Hola makes Steve Jobs defense over VPN botnet

VPN-under-fire Hola has issued a mea-culpa after fears the service had turned users' computers into a botnet. Concerns about the way the company's P2P virtual private network had been utilized for potentially nefarious purposes kicked off last week, after users realized that their idle bandwidth was being sold off under a secondary brand, and possibly used to commit distributed denial-of-service (DDoS) attacks on servers.

Hola eschews the usual VPN approach – and the typical monthly fee – by using a P2P system. To allow traffic to appear as though it's coming from a different country, for instance to fool a localized block on certain sites or circumnavigate region-specific video, it routes it through other Hola users' connections instead of through a batch of its own servers.

All well and good – and, as the Ofer Vilenski, Hola's CEO, points out today, similar to how Skype approached peer-to-peer connectivity – but exactly what else was being done with that bandwidth is what landed the firm in hot water.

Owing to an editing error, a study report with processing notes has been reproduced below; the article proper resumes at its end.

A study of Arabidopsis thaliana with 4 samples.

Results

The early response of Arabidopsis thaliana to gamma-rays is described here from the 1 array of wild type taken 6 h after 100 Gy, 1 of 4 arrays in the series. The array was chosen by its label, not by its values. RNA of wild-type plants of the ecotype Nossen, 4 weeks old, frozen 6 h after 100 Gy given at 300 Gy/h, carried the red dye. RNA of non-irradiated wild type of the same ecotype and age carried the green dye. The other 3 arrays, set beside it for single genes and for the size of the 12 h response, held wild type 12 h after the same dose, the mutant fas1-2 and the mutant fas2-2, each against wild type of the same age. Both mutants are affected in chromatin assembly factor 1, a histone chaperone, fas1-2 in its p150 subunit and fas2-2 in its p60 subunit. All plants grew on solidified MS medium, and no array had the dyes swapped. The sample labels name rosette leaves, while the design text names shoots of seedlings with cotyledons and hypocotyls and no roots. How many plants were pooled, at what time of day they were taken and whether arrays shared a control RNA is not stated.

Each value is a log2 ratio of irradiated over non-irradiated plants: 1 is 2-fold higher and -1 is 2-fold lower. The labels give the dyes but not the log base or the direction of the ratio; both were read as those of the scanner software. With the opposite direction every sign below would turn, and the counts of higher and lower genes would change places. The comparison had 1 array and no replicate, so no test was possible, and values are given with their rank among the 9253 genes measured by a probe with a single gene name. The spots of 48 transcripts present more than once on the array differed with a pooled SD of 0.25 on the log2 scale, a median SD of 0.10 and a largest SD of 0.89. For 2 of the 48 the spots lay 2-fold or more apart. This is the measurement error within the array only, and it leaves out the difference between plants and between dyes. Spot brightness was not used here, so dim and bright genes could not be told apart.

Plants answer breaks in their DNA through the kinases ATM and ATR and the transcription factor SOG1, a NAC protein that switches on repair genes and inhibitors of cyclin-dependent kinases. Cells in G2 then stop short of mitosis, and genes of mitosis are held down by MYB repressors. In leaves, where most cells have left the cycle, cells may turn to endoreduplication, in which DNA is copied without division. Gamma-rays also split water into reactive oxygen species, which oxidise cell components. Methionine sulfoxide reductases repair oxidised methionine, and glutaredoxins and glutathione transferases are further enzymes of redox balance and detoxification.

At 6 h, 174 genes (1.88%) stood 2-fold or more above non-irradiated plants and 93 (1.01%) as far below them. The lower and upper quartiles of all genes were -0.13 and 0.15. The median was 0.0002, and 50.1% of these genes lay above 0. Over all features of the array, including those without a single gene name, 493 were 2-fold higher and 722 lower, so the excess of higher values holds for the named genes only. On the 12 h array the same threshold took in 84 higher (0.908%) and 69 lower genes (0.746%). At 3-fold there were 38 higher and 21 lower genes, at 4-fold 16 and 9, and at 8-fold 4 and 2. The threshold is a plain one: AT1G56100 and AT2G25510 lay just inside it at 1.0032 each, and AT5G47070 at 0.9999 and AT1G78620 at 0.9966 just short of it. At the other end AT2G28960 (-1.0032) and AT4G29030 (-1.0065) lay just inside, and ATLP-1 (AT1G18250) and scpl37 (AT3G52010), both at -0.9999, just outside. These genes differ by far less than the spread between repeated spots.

Hola was also selling off access to its P2P network to other companies wanting VPN services, though under the Luminati brand. At least one example of a spammer using that to attack other systems has been identified.

Regular Hola users could opt out by signing up for the paid "Pro" tier, and the traffic only amounted to around 6MB per day anyway the company points out, but Vilenski concedes that they hadn't done enough to make clear what side-effects came with the free service.

That's changing, and Hola is putting a new Chief Security Officer in place to take more of a lead in how the VPN is used. The installation process for the regular Hola client will now be more explicit in explaining the ways idle bandwidth are used, and there'll be a bounty program for anyone spotting a hackable exploit in the code.

"We innovated quickly, but it looks like Steve Jobs was right," Vilenski says, referring to Jobs' famous comment about owning up to mistakes and addressing them quickly. "We made some mistakes, and now we're going to fix them, fast."

Whether it's enough to placate anxious customers remains to be seen, though the lure of free service is likely to continue to appeal to many. For those really concerned about how their internet connections are being used, coughing up some cash for a VPN is probably the safest way to approach it.